Root of unity

In mathematics, the n-th roots of unity or de Moivre numbers, named after Abraham de Moivre (1667 - 1754), are complex numbers located on the unit circle. They form the vertices of a n-sided regular polygon with one vertex on 1.



For a given n the complex numbers z which solve

<math>z^n = 1 \qquad (n \in \mathbb{N}_0)<math>

are called the n-th roots of unity. There are n different n-th roots of unity.

The n-th roots of unity form a cyclic group of order n under multiplication with 1 as the identity element. A generator for this cyclic group is called primitive n-th root of unity.


The third roots of unity are

<math>\left\{ 1, \frac{-1 + i \sqrt{3}}{2}, \frac{-1 - i \sqrt{3}}{2} \right\}.\,<math>

The primitive third roots of unity are

<math>\left\{ \frac{-1 + i \sqrt{3}}{2}, \frac{-1 - i \sqrt{3}}{2} \right\}.\,<math>

The fourth roots of unity are

<math>\left\{ 1, +i, -1, -i \right\}.\,<math>

The primitive fourth roots of unity are

<math>\left\{ +i, -i \right\}.\,<math>


As a consequence of Euler's identity the n-th roots of unity can be written as

<math>e^{2 \pi i k/n} \qquad (k,n \in \mathbb{N}_0 \mbox{ and } k < n).<math>

As long as n is at least 2, these numbers add up to 0, a simple fact that is of constant use in mathematics. It can be proved in any number of ways, for example by recognising the sum as coming from a geometric progression.

The primitive n-th roots of unity are precisely the numbers of the form exp(2πi k/n) where k and n are coprime. Therefore, there are φ(n) different primitive n-th roots of unity, where φ(n) denotes Euler's phi function. These different roots of unity can be arranged to form the elements of a unitary matrix, and are thus orthogonal to each other. A detailed exposition of the orthogonality relationship is given in the article character group.

Cyclotomic polynomials

The n-th roots of unity are precisely the zeros of the polynomial p(X) = Xn − 1; the primitive nth roots of unity are precisely the zeros of the nth cyclotomic polynomial


\Phi_n(X) = \prod_{k=1}^{\phi(n)}(X-z_k)\; <math> where z1,...,zφ(n) are the primitive n-th roots of unity. The polynomial Φn(X) has integer coefficients and is irreducible over the rationals (i.e., cannot be written as a product of two positive-degree polynomials with rational coefficients). The case of prime n, which is easier than the general assertion, follows from Eisenstein's criterion.

Every nth root of unity is a primitive dth root of unity for exactly one positive divisor d of n. This implies that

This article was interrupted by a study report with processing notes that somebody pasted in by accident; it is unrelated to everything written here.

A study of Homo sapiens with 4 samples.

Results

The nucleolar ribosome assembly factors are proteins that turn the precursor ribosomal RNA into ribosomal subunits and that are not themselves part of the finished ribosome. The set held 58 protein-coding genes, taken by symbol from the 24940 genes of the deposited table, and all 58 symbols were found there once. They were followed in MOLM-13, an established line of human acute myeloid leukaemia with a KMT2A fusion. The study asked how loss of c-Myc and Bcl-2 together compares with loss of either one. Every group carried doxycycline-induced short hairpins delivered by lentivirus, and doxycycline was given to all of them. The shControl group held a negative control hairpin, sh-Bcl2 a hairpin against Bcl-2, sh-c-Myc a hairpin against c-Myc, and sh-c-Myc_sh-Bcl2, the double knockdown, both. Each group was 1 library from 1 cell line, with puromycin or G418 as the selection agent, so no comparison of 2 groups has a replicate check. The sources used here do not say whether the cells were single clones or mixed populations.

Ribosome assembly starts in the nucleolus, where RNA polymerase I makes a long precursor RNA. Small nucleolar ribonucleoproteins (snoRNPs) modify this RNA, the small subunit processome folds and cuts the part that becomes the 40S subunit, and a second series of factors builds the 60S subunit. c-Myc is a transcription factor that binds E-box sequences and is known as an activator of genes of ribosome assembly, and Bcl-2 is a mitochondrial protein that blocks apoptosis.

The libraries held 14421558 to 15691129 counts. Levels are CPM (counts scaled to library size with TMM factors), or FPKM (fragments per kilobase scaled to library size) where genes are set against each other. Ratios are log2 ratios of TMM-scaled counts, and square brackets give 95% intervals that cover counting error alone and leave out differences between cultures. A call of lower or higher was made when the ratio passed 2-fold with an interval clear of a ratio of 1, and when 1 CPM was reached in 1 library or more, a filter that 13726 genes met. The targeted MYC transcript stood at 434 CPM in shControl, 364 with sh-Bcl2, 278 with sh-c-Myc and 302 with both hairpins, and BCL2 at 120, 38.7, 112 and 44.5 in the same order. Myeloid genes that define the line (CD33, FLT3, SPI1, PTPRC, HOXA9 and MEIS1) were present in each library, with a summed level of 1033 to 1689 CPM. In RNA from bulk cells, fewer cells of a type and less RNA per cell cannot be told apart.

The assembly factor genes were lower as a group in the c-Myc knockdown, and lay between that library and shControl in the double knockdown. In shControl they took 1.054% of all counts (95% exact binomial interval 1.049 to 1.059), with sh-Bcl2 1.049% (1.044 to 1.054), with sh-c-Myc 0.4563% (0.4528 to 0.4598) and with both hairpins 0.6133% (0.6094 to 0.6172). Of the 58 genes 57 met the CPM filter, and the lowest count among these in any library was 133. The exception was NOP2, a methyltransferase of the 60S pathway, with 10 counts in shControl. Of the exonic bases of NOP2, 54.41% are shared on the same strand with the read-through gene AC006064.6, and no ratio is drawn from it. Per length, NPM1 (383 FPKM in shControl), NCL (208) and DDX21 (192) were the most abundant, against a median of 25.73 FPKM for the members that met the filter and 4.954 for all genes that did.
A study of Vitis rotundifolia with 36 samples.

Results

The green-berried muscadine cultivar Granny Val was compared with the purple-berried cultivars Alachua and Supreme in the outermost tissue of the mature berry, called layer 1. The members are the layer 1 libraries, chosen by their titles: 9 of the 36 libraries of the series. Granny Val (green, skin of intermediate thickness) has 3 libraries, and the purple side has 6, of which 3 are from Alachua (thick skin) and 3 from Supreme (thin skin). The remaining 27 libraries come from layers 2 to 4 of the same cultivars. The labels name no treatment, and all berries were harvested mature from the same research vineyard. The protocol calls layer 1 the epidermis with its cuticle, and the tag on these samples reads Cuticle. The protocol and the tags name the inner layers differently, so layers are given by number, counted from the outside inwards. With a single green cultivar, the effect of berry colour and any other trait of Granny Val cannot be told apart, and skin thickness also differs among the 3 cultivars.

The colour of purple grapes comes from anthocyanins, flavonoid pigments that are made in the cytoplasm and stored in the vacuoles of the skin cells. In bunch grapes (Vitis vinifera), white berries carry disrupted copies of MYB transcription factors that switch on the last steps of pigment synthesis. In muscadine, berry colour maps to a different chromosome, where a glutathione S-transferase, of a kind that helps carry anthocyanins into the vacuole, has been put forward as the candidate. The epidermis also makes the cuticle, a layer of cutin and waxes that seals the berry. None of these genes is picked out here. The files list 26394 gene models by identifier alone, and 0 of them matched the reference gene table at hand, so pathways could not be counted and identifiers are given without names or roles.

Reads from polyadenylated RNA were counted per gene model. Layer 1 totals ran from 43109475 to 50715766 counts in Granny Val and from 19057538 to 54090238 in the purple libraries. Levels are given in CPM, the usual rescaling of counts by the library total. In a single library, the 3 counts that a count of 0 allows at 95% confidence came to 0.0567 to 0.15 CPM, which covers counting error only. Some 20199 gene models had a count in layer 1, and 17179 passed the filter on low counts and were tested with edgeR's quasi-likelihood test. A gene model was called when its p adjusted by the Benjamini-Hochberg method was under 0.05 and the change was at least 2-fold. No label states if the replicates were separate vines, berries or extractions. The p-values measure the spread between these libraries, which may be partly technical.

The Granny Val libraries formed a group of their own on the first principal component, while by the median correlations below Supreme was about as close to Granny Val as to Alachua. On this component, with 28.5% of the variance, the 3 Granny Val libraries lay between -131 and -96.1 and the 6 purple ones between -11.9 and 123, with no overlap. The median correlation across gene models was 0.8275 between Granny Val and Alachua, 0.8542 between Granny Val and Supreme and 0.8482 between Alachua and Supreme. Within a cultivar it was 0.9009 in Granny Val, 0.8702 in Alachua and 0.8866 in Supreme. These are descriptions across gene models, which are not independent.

X^n - 1 = \prod_{d\,\mid\,n} \Phi_d(X).\; <math> This formula represents the factorization of the polynomial Xn - 1 into irreducible factors and can also be used to compute the cyclotomic polynomials recursively. The first few are

Φ1(X) = X − 1
Φ2(X) = X + 1
Φ3(X) = X2 + X + 1
Φ4(X) = X2 + 1
Φ5(X) = X4 + X3 + X2 + X + 1
Φ6(X) = X2X + 1

In general, if p is a prime number, then all pth roots of unity except 1 are primitive pth roots, and we have


\Phi_p(X)=\frac{X^p-1}{X-1}=\sum_{k=0}^{p-1} X^k <math> Note that, contrary to first appearances, not all coefficients of all cyclotomic polynomials are 1, −1, or 0; the first polynomial where this occurs is Φ105, since 105=3×5×7 is the first product of three odd primes.

Cyclotomic fields

By adjoining a primitive nth root of unity to Q, one obtains the nth cyclotomic field Fn. This field contains all nth roots of unity and is the splitting field of the nth cyclotomic polynomial over Q. The field extension Fn/Q has degree φ(n) and its Galois group is naturally isomorphic to the multiplicative group of units of the ring Z/nZ.

As the Galois group of Fn/Q is abelian, this is an abelian extension. Every subfield of a cyclotomic field is an abelian extension of the rationals. In these cases Galois theory can be written out quite explicitly in terms of Gaussian periods: this theory from the Disquisitiones Arithmeticae of Gauss was published many years before Galois.

Conversely, every abelian extension of the rationals is such a subfield of a cyclotomic field - a theorem of Kronecker, usually called the Kronecker-Weber theorem on the grounds that Weber supplied the proof.